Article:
Value At Risk - VaR


DEFINITION of 'Value At Risk - VaR'

A statistical technique used to measure and quantify the level of financial risk within a firm or investment portfolio over a specific time frame. Value at risk is used by risk managers in order to measure and control the level of risk which the firm undertakes. The risk manager's job is to ensure that risks are not taken beyond the level at which the firm can absorb the losses of a probable worst outcome.



Value at Risk is measured in three variables: the amount of potential loss, the probability of that amount of loss, and the time frame. For example, a financial firm may determine that it has a 5% one month value at risk of $100 million. This means that there is a 5% chance that the firm could lose more than $100 million in any given month. Therefore, a $100 million loss should be expected to occur once every 20 months.


    Like all equity investments, insurance companies present investors with market risk. Insurance companies, like banks, also ... Read Full Answer >>
  2. Should you calculate Value at Risk (VaR) for counterparty credit risk?

    Value at risk (VaR) calculations may be helpful for risk management when trading credit default swaps and other derivatives ... Read Full Answer >>
  3. What do regulators think of Value at Risk (VaR)?

    Most regulators across the world consider value at risk, or VaR, to be an effective internal model of financial risk, and ... Read Full Answer >>
  4. What is the minimum number of simulations that should be run in Monte Carlo Value ...

    The minimum number of simulations that should be run for a reasonably accurate value at risk (VaR) assessment is generally ... Read Full Answer >>
  5. What is stress testing in Value at Risk (VaR)?

    Stress testing involves running simulations under crises for which a model was not inherently designed to adjust. The purpose ... Read Full Answer >>
  6. What does Value at Risk (VaR) have to do with maximization of shareholder wealth?

    By enabling investors to estimate with high probability the worst-case and best-case scenarios for the performance of a given ... Read Full Answer >>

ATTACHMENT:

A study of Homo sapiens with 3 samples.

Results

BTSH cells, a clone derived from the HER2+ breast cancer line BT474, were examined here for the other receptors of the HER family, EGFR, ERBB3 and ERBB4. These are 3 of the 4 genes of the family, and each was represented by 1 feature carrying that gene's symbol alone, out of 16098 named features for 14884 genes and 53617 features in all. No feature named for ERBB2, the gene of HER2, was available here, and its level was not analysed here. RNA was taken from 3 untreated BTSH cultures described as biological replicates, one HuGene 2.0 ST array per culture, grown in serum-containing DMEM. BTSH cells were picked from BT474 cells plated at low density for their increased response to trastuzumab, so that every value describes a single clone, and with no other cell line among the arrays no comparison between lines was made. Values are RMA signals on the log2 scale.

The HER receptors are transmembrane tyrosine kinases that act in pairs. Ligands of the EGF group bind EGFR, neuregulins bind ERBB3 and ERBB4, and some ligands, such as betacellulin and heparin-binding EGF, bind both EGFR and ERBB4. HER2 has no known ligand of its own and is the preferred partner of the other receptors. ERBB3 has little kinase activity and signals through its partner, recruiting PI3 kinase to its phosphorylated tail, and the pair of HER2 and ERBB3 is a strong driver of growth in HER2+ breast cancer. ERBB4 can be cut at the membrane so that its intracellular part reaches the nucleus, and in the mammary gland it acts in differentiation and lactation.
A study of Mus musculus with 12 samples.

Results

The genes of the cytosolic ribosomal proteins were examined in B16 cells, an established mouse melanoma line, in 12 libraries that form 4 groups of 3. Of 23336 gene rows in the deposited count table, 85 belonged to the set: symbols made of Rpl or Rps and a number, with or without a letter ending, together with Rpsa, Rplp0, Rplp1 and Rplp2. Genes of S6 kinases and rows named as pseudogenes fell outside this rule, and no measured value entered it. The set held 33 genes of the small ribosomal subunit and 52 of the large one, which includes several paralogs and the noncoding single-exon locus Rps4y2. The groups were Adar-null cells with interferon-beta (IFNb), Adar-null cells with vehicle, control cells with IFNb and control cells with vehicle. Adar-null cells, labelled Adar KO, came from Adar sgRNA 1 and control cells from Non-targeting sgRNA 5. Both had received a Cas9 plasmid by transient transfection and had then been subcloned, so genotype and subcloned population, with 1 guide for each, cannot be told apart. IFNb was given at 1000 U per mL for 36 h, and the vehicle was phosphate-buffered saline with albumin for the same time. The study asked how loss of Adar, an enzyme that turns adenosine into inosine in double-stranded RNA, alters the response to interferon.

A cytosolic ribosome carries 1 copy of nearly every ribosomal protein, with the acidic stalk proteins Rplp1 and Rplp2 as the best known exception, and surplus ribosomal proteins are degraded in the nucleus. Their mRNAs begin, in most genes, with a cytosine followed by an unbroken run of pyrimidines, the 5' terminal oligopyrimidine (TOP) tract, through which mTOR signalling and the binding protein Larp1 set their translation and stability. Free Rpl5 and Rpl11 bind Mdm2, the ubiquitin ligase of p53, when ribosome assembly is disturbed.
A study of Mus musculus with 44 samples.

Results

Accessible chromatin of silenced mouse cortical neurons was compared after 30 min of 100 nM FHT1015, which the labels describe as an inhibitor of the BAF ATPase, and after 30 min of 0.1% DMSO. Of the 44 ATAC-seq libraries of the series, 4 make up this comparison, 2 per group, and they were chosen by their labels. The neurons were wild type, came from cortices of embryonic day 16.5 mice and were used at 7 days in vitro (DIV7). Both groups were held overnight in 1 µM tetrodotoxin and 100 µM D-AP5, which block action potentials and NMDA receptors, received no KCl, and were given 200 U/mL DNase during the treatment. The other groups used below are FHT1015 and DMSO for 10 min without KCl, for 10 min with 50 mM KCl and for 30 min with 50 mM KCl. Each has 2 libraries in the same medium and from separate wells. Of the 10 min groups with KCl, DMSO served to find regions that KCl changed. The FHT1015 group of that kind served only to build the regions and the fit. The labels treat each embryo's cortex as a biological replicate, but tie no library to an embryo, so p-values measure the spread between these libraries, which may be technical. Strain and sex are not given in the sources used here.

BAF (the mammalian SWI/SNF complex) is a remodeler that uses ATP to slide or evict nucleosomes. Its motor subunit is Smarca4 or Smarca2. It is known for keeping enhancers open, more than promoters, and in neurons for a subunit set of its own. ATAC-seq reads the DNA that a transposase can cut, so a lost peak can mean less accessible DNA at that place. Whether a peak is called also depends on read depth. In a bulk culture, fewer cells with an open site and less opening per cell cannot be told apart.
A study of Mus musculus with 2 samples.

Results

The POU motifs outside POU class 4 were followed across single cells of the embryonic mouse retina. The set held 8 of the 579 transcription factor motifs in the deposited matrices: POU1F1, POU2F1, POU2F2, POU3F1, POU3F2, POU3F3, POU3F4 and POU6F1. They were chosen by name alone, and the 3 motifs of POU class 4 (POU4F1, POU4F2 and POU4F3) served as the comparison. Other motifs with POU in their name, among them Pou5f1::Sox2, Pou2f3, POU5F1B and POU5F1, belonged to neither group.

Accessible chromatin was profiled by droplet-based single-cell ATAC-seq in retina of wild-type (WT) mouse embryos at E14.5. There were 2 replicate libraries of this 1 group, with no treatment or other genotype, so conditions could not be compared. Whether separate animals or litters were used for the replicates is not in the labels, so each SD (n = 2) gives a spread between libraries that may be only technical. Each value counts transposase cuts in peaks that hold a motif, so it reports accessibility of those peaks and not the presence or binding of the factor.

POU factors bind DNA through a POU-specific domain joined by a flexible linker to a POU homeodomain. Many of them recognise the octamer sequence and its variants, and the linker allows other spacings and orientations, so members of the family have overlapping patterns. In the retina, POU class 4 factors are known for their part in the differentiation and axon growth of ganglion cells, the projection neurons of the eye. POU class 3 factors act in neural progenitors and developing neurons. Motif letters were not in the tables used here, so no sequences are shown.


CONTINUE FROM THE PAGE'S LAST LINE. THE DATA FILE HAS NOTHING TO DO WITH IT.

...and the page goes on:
7. What is a "linear" exposure in Value at Risk (VaR) calculation?

    A linear exposure in the value-at-risk, or VaR, calculation is represented by positions in stocks, bonds, commodities or ... Read Full Answer >>
  8. What is a "non linear" exposure in Value at Risk (VaR)?

    The value at risk (VaR) is a statistical risk management technique that determines the amount of financial risk associated ... Read Full Answer >>
  9. What is the variance/covariance matrix or parametric method in Value at Risk (VaR)?

    The parametric method, also known as the variance-covariance method, is a risk management technique for calculating the value ... Read Full Answer >>
  10. What is backtesting in Value at Risk (VaR)?

    The value at risk is a statistical risk management technique that monitors and quantifies the risk level associated with ... Read Full Answer >>
  11. What's the difference between a confidence level and a confidence interval in Value ...

    The value at risk (VaR) uses both the confidence level and confidence interval. A risk manager uses the VaR to monitor and ... Read Full Answer >>
  12. What does Value at Risk (VaR) say about the "tail" of the loss distribution?

    The value at risk (VaR) is a statistical measure that assesses, with a degree of confidence, the financial risk associated ... Read Full Answer >>
  13. What is RiskMetrics in Value at Risk (VaR)?

    RiskMetrics is a methodology that contains techniques and data sets used to calculate the value at risk (VaR) of a portfolio ... Read Full Answer >>
  14. What are some common measures of risk used in risk management?

    Risk management is a crucial process used to make investment decisions. The process involves identifying the amount of risk ... Read Full Answer >>
  15. What's the difference between EaR, Value at Risk (VaR), and EVE?